BUFFALO, N.Y. — Prior to a vote on a roughly $124 million spending plan Thursday, the Erie County Minority Conference introduced an amendment to put it off for 30 days while opening a public comment period.

"It doesn't kill any other proposal that's been put forth,” Erie County Republican Legislator Chris Greene said. “It just provides the taxpayers who fund this an opportunity to have their voice heard.”

The conference said the Democratic county executive and legislature majority did not include them in decisions about distributing the funds that include $90 million from the American Recovery Plan.

"The four of us here represent 350,000 Erie County residents," Minority Leader Joe Lorigo said. "That is a huge chunk of people and for the county executive and the majority caucus to say that they don't need us, that our constituents don't count as much as theirs, is insulting and short-sighted."

The amendment offered suggestions, including attracting an airline to create a regional hub at the airport, creating a port for Great Lakes cruises, high-speed rail, various grant programs for restaurants, nonprofits and municipalities and expanding sewer capacity.

"This is a once-in-a-lifetime opportunity to take federal dollars and make positive changes that will have a lasting effect not only in Erie County, but in Western New York as a whole," Lorigo said.

The majority took a short recess to consider the amendment before ultimately voting it down and approving the spending plan. The minority pointed out there was only two weeks of deliberation for money that doesn't need to be allocated until the end of 2024, but Legislature Chair April Baskin said there were important job and budget restorations, infrastructure projects and sewer stability funding that couldn't wait.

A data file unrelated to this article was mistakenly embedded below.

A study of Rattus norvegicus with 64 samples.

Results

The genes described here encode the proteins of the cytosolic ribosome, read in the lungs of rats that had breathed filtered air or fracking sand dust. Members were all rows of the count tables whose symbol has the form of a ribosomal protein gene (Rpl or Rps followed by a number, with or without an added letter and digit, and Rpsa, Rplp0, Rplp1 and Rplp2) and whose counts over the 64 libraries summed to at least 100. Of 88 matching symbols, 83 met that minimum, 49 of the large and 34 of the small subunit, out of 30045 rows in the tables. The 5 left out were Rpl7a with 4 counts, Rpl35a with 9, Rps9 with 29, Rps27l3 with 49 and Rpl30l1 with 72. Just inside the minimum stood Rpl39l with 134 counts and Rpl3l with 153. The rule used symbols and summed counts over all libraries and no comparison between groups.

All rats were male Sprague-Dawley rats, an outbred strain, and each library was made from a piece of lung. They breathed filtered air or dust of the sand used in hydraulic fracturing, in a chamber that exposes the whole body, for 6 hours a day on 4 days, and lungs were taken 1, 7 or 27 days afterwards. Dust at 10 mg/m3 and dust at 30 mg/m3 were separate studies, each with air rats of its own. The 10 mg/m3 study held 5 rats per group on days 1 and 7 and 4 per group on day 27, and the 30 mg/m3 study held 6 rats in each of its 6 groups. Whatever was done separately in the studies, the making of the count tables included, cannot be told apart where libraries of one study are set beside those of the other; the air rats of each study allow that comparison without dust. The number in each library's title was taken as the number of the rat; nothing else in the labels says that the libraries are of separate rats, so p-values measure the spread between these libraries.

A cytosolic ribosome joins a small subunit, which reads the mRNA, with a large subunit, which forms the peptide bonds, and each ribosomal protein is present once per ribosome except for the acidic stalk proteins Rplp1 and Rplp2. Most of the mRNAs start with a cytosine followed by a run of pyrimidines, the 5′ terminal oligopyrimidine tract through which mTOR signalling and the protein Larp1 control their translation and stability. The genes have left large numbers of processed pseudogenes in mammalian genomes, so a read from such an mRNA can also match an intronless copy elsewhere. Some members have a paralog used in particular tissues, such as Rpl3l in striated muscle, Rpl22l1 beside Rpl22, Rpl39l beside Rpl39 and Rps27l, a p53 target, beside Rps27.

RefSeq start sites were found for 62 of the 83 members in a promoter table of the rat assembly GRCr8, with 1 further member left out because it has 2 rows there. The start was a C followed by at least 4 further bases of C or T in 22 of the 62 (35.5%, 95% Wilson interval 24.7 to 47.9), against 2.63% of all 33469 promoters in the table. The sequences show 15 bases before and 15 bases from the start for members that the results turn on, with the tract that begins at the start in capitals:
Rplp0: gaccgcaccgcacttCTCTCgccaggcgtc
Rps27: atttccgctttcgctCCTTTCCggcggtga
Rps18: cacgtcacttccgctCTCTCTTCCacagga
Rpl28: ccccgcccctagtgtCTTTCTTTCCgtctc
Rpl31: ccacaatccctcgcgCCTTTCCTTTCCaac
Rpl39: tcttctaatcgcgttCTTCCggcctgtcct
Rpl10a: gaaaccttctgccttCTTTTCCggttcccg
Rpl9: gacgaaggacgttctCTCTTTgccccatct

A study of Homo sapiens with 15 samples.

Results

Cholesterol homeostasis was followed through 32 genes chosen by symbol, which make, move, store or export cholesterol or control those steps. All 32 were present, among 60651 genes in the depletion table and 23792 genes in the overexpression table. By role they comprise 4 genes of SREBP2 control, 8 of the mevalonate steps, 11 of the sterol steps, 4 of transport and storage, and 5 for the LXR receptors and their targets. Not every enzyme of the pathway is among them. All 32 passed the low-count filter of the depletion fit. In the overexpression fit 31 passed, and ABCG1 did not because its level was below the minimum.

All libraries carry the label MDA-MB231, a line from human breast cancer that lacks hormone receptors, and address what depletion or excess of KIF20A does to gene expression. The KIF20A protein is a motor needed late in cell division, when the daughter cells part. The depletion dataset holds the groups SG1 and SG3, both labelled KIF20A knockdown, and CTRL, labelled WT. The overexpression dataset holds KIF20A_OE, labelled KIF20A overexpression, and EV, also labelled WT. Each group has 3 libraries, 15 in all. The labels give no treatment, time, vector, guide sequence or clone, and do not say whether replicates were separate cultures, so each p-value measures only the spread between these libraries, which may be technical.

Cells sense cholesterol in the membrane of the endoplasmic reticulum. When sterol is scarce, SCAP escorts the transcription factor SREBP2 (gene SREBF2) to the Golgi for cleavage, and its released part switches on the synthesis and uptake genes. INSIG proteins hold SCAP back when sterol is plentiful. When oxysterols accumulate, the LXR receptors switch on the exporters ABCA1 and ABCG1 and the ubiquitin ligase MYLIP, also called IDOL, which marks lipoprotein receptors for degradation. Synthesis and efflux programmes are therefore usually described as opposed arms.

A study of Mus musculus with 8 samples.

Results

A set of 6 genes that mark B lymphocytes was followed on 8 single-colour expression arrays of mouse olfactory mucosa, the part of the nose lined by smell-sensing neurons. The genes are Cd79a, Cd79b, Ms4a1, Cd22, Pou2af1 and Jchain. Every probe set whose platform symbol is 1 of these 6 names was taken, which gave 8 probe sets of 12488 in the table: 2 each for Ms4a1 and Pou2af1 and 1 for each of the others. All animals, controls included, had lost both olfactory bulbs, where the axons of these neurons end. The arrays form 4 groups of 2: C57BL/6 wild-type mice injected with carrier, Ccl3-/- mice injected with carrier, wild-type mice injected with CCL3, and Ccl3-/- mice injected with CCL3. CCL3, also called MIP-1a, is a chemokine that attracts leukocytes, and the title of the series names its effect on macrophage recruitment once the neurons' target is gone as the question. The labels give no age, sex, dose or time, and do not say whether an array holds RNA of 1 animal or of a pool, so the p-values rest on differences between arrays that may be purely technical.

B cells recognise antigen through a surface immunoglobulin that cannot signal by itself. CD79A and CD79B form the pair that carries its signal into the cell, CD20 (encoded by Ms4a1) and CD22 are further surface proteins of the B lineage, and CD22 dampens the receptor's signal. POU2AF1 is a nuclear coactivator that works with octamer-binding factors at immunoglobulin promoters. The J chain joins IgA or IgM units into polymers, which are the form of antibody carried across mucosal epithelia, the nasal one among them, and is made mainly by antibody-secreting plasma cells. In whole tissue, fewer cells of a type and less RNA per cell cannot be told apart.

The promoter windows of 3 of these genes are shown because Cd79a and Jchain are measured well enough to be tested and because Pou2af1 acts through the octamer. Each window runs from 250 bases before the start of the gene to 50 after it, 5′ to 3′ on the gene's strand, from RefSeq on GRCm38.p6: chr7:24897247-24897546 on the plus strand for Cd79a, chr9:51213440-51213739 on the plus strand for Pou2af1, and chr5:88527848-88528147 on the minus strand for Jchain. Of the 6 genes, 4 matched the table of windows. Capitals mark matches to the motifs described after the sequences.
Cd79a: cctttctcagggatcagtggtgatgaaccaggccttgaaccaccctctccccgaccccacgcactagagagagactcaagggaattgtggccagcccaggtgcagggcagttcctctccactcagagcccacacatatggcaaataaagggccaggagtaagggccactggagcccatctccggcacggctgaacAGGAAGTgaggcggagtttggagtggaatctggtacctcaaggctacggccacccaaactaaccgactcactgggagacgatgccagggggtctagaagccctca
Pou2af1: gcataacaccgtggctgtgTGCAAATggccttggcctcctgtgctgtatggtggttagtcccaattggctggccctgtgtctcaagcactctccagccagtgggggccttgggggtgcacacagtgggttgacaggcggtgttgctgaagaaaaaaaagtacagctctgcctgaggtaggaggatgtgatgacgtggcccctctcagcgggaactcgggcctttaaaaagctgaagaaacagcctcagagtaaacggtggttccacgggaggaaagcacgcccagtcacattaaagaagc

"These are things that are very, very important to residents in Erie County and sometimes time is a luxury to people who have time, but there are a lot of residents in Erie County who are hurting," she said.

The minority also argued 142 jobs included in the plan create $8.8 million in recurring costs that will put the county in fiscal trouble when the stimulus is gone. However, Baskin said the majority of those jobs had been in the budget until they were eliminated because of pandemic financial concerns.

"There's not a whole bunch of new positions," she said. "We're restoring positions that were cut. We have created a couple of new projects and opportunities for employment, but it will not be something that is a burden to the taxpayers."

Baskin does not believe some of the ideas from legislators across the aisle can be funded with American Recovery Act funds, but others deserve consideration. She pointed to another $86 million in federal stimulus is still coming to the county.

In a statement, Erie County Executive Mark Poloncarz said his RENEW plan supports small businesses, the restoration of county positions, major investments in the county parks system and the creation of an Office of Health Equity.

He criticized the minority caucus for what he called "delaying tactics to stall approval of the plan."